Mineral Acid

Mineral Acid


Mineral acid also known as inorganic acid, which is an acid derived from one or more inorganic compounds. It is a substance that yields hydrogen ions in solution and from which hydrogen may be displaced by a metal to form a salt. Different acids have different formulae. For e.g., the formula for sulfuric acid is H2SO4; the formula for nitric acid is HNO3. But one common thing in all acids is that they always have at least one hydrogen atom in their molecule. All acids react with bases to form salts and water (neutralization). Other properties of acids include a sour taste and the ability to cause certain dyes to undergo a color change. A common example of this is the ability of acids to change litmus paper from blue to red.

The most common organic acids are carboxylic acids, containing the carboxyl group (-COOH); examples are acetic acid, citric acid, amino acids, and fatty acids. Their salts and esters end in -ate, e.g., ethyl acetate. Other organic acids are phenols and sulfonic acids.

Examples are:

Sulphuric acid (H2SO4), nitric acid (HNO3), hydrochloric acid, phoshphoric acid, boric acid, and hydrofluoric acid are all mineral acids.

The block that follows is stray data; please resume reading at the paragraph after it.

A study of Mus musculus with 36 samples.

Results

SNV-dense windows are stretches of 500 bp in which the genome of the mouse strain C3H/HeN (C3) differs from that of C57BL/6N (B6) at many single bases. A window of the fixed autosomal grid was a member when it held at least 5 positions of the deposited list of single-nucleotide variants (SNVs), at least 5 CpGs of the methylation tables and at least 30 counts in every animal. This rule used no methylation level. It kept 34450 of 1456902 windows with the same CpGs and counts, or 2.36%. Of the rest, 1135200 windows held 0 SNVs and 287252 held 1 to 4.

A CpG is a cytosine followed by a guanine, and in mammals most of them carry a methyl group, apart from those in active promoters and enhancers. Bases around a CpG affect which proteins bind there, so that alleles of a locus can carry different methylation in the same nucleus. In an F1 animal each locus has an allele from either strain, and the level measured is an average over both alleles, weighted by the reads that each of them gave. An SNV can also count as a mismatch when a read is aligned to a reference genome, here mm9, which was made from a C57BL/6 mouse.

Functions and Effects of Mineral Acids

Acidity level in concentrated mineral acid mixtures. Iso-acidic media

Effects of dietary mineral acids on voluntary food intake, digestion, mineral metabolism and acid-base balance of sheep.

The Effect of the continued ingestion of mineral acid on growth of body and bone and on the composition of bone and of the soft tissue.

Effect of humidity on nitric acid uptake to mineral dust aerosol particles.

Applications of Mineral Acids

Solubility of Hydrocarbons in water – Mineral Acid System.

The Preparation of d-galacturonic acid from Lemon Pectic acid.

Vegetable and Mineral acids in the treatment, prevention and remedial of Cholera an other epidemic disorders of the bowels.

Simulation by Mineral and Fatty Acids in the barnacle Balanus balanoides.

Ensiling of Sugar Cane with Ammonia Molasses and Mineral acids.

Characterization of acid Catalytic Domain for Cellulose Hydrolysis and Glucose Degradation.

Uses of Mineral Acids

Commonly used mineral acids are sulfuric acid, hydrochloric acid and nitric acid and they are also known as bench acids. Mineral acids range from acids of great strength, example: sulfuric acid, to very weak (boric acid). Mineral acids tend to be very soluble in water and insoluble in organic solvents.

Mineral acids are used in many sectors of the chemical industry as feedstocks for the synthesis of other chemicals, both organic and inorganic. Large quantities of these acids – especially sulfuric acid, nitric acid, and hydrochloric acid – are manufactured for commercial use in large plants.

Mineral acids are also used directly for their corrosive properties. For example, a dilute solution of hydrochloric acid is used for removing the deposits from the inside of boilers, with precautions taken to prevent the corrosion of the boiler by the acid. This process is known as descaling.